India is on the brink of opening its legal market to foreign law firms as ministers have revealed they will meet to discuss fresh proposals on Tuesday (5 July).
The Bar Council of India (BCI) has completed its keenly anticipated proposed rules to allow foreign lawyers to practise in India, according to a report by Legally India.
Sources in India said the market could open as early as this September should the upcoming discussions go to plan.
The proposals would allow foreign lawyers and firms to set up offices in India to practise non-Indian law. Law firms would have to pay BCI registration fees of around $50,000 and a deposit of $40,000, while individuals would pay $25,000 and a deposit of $15,000. Foreign lawyers would then be allowed to practise non-Indian transactional law and could hire or go into partnership with Indian lawyers.
While foreign firms could not appear before courts or tribunals, they would be allowed to appear as advisers for foreign-headquartered clients in international arbitration proceedings held in India.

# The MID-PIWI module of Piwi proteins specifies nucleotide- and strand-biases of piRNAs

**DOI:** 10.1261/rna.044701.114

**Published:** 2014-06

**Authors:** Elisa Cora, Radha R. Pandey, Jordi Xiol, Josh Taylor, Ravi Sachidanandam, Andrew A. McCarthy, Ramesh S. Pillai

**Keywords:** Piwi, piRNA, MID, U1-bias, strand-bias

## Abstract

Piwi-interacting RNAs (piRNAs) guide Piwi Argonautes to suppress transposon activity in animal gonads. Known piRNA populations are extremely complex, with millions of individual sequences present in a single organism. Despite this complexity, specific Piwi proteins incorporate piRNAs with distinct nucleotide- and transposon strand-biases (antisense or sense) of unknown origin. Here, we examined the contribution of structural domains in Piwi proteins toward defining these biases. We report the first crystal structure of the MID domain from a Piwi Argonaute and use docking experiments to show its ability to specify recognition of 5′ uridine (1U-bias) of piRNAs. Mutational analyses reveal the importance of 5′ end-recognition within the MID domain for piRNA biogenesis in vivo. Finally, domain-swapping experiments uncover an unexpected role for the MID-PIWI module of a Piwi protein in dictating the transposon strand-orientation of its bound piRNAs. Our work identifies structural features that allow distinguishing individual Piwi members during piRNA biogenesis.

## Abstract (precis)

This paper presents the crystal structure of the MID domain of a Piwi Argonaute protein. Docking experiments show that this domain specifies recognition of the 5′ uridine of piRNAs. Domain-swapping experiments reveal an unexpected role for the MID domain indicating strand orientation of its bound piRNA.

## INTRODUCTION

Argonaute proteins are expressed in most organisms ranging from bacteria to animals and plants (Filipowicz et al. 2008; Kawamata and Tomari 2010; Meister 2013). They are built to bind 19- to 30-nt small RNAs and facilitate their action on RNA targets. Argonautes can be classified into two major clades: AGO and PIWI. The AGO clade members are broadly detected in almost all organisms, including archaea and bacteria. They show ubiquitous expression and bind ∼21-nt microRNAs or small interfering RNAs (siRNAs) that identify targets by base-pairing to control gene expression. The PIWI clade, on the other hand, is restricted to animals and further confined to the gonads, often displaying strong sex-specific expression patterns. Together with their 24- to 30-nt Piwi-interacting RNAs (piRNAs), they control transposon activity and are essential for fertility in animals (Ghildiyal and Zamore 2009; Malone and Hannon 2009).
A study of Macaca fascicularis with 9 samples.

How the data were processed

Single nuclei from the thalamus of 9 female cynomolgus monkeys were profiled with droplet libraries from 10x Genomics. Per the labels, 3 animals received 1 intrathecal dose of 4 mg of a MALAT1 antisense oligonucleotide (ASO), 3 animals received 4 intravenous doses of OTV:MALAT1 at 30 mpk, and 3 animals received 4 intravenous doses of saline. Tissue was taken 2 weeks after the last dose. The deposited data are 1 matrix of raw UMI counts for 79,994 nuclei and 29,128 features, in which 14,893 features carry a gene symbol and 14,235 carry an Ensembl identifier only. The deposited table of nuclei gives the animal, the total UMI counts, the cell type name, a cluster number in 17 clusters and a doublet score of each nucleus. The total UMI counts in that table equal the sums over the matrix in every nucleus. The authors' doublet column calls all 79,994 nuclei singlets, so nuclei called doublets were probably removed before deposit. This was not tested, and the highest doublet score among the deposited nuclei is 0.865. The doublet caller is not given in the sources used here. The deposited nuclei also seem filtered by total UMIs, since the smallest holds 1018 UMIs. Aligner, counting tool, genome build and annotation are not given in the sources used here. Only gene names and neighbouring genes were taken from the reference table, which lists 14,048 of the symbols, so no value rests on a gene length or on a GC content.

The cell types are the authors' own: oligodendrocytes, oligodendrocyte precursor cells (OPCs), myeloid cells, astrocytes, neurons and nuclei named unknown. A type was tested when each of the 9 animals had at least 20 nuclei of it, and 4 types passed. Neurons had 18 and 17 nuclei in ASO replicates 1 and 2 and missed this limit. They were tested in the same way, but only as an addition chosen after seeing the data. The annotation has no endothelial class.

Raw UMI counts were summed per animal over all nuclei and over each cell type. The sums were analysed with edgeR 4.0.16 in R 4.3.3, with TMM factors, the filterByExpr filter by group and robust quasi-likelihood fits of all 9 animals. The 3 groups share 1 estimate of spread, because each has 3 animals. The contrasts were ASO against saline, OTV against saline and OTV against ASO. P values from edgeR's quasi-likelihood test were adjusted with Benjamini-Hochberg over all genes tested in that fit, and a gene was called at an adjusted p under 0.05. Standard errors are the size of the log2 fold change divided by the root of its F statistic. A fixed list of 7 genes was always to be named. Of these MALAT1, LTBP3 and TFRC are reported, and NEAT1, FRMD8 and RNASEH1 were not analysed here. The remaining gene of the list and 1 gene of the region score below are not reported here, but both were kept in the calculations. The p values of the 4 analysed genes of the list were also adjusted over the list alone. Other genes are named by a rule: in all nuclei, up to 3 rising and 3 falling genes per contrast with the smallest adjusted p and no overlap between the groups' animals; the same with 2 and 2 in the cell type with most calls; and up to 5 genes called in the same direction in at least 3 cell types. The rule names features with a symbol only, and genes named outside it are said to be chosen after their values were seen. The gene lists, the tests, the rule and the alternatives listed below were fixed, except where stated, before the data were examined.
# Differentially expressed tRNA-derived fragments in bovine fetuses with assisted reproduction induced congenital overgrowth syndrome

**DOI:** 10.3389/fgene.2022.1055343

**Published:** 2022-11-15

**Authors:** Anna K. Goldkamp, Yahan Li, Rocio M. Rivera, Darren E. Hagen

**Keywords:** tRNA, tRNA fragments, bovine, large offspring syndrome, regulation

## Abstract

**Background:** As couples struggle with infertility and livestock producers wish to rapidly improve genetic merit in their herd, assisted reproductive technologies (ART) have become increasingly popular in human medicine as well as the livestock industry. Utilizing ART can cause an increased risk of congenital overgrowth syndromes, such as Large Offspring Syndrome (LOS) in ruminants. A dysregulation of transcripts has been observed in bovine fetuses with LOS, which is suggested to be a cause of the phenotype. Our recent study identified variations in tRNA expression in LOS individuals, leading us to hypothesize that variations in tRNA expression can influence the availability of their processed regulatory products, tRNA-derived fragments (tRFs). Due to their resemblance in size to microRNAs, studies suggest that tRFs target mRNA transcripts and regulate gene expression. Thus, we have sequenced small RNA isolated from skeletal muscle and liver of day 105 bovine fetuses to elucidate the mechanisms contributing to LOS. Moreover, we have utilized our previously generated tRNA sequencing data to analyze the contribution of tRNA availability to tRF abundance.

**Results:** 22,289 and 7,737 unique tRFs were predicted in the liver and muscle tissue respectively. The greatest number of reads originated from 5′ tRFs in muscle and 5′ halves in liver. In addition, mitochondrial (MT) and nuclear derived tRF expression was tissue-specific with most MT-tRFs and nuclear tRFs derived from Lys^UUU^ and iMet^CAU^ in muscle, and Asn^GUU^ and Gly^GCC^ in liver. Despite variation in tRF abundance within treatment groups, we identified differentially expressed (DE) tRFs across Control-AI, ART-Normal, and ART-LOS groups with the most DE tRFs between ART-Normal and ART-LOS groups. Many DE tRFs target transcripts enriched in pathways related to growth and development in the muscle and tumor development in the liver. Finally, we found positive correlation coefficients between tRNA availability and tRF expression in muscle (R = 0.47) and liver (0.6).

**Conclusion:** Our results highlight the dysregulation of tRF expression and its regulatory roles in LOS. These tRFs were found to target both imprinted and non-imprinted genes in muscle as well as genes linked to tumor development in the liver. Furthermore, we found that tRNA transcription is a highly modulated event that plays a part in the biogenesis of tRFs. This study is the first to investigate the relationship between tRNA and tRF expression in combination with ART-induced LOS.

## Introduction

Attending the meetings next week will be representatives of the BCI, the Indian Corporate Counsel Association, the Federation of Indian Chambers of Commerce and Industry, and the Society of Indian Law Firms, as well as Government officials from the Ministry of External Affairs, the Ministry of Home Affairs, the Ministry of Finance, and the Ministry of Commerce and Industry.
It emerged in January the BCI had started drafting the new rules following a renewed push towards liberalisation among local legal bodies and government. The Law Society, Bar Council of England and Wales and the BCI revealed they were drawing up a “memorandum of understanding” on plans to liberalise India’s legal market at the time. The negotiations followed the BCI eventually dropping its longstanding opposition to opening up the market last year.
A host of UK and US firms are expected to pile into India when it opens its doors to global firms.
Allen & Overy (A&O), Clifford Chance and Linklaters have already expressed an interest in opening an office there, while Ashurst, Chadbourne & Parke and White & Case all have liaison offices in the country.
A&O ended its referral agreement with Indian best friend Trilegal in 2012, blaming India’s failure to liberalise its legal market for the split.
Clifford Chance has been investing in its India legal services operation in recent years after opening its “knowledge centre” in New Delhi in 2007.